The Oracle of Omaha shook things up a little on Monday with an op-ed piece in the New York Times saying the rich should pay more in taxes. Some may argue that Buffett did not show a lot of backbone with his timing. If he wrote this as the GOP was holding the line on any new revenues during the debt ceiling debate or last year when Congress was battling to extend the Bush tax cuts to 2012, this would have had more impact. To be fair, however, this is not the first time he made this point. He has often noted that it is wrong that he is taxed at a lower rate than his secretary.
But no one is going to want to pay more in taxes just because Warren Buffett says so. The important point he made is that he is in the business of making money, the business of investing — perhaps the best of the best at this — and he says, tax policy doesn’t affect the way he and most of his competitors pursue their craft.
He notes, “Back in the 1980s and 1990s, tax rates for the rich were far higher, and my percentage rate was in the middle of the pack. According to a theory I sometimes hear, I should have thrown a fit and refused to invest because of the elevated tax rates on capital gains and dividends. I didn’t refuse, nor did others.”
To add emphasis, he states, “I have worked with investors for 60 years and I have yet to see anyone — not even when capital gains rates were 39.9% in 1976-77 — shy away from a sensible investment because of the tax rate on the potential gain. People invest to make money, and potential taxes have never scared them off.”
Many people will dismiss Buffett because of politics or his age — in fact they already are — but this is not some liberal Hollywood star making this point, this is arguably the greatest capitalist of our time. And he is saying the tax rate does not dictate his investment plans, which is an argument made so often many presume it to be true.
He next attacked the job creation argument. How raising rates on the rich would stop job creation. “And to those who argue that higher rates hurt job creation, I would note that a net of nearly 40 million jobs were added between 1980 and 2000. You know what’s happened since then: lower tax rates and far lower job creation," Buffett states.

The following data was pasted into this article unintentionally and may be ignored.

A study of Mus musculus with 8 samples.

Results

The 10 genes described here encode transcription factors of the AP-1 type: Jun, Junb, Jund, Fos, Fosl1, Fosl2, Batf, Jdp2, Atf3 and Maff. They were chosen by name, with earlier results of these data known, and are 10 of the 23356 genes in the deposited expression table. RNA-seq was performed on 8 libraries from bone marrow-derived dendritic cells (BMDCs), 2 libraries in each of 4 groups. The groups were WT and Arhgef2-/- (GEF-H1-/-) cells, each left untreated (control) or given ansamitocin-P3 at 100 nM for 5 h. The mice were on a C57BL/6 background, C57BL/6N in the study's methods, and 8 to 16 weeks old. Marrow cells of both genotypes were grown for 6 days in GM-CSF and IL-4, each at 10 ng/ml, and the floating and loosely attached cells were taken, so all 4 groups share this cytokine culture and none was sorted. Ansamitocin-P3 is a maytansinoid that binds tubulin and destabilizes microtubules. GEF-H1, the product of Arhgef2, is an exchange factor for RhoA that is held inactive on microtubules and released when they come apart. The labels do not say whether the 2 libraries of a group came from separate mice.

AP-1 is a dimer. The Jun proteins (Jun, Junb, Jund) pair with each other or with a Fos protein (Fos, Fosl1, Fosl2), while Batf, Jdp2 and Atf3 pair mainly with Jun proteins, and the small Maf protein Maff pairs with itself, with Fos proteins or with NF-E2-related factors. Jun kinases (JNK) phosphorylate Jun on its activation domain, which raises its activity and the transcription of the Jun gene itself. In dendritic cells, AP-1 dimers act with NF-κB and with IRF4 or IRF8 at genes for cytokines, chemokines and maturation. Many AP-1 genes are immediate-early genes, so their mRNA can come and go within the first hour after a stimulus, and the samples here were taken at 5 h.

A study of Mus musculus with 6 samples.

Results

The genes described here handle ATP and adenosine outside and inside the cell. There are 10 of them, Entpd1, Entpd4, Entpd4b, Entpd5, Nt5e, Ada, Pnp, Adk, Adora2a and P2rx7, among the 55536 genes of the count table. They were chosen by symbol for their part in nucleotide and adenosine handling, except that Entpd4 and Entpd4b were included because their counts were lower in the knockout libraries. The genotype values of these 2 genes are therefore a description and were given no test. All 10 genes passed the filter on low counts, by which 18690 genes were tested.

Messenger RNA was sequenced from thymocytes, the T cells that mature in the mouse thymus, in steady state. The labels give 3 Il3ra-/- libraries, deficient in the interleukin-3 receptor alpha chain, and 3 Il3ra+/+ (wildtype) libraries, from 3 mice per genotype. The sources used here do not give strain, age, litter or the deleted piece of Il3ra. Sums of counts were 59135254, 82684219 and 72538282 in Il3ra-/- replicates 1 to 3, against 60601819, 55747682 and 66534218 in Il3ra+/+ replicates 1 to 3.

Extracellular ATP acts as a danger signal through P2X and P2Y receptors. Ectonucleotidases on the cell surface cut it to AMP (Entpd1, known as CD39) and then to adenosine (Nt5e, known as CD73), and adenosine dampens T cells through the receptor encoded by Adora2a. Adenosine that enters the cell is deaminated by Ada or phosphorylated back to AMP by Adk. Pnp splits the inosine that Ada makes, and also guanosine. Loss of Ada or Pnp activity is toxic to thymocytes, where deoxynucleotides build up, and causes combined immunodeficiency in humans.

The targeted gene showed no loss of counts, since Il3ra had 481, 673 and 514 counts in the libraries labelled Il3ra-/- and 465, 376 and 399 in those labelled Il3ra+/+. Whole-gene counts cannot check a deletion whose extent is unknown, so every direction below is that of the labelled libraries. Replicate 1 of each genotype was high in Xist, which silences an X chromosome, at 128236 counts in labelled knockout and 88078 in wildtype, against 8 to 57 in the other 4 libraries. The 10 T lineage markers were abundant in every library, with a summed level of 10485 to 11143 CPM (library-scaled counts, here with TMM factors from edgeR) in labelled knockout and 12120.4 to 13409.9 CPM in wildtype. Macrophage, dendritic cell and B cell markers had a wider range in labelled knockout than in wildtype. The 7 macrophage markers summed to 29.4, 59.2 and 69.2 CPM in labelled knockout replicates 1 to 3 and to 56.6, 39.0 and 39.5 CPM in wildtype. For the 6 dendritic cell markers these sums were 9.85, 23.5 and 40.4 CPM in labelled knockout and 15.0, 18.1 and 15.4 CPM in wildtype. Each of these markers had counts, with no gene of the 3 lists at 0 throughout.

A little over a year ago I attended a forum on the debt crisis at the University of Chicago sponsored by the MacArthur foundation entitled, “America’s Fiscal Futures: Making Difficult Choices.”
It was based on the report, “Choosing the Nation’s Fiscal Future,” which was produced by a committee put together by the MacArthur Foundation and chaired Dr. John Palmer and Rudolph Penner.
The point was to bring experts together to come up with a plan to cap the debt to GDP ratio to 60% by 2022, an area which was viewed as a danger level.
They developed a couple of models to do this but the conclusion by the chairs of the committee was simple, there was no way to do this simply by raising taxes or simply by cutting spending. Tax increases would be too high and budget cuts too deep. It had to be some combination of the two.
Since then a portion of the Republican party backed by Tea Party activists have managed to take one side of the equation completely off of the table despite their claim that their focus was on deficit reduction.
If this is indeed your top priority, then you really can’t start by taking potential solutions off of the table. That fails the smell test.
As we pointed out last December when a compromise was reached to extend the Bush tax cuts as well as unemployment benefits, neither side appeared to be serious about the deficit. Both sides compromised to keep what was important to them: for the GOP it was to retain the Bush tax cuts for people earning more than $250,000 (they threatened to not extend the cuts to all if the Democrats attempted to simply end them for the top earners) and for the President it was extending unemployment benefits out 99 weeks. What both sides were willing to give up was deficit reduction.
We all now know that those sorts of compromises are destructive to the long-term health of the United States.
Buffett’s piece reiterates that fact noting the need to pare down "future promises," but also notes that the dire consequences often attached to any sort of revenue increase simply are not true.
At a recent Republican debate, all of the GOP contenders for the 2012 nomination affirmed that they would not raise revenue (taxes) even if it was accompanied by budget cuts 10x the size of the revenue increase. Perhaps they should consult with America's most successful investor.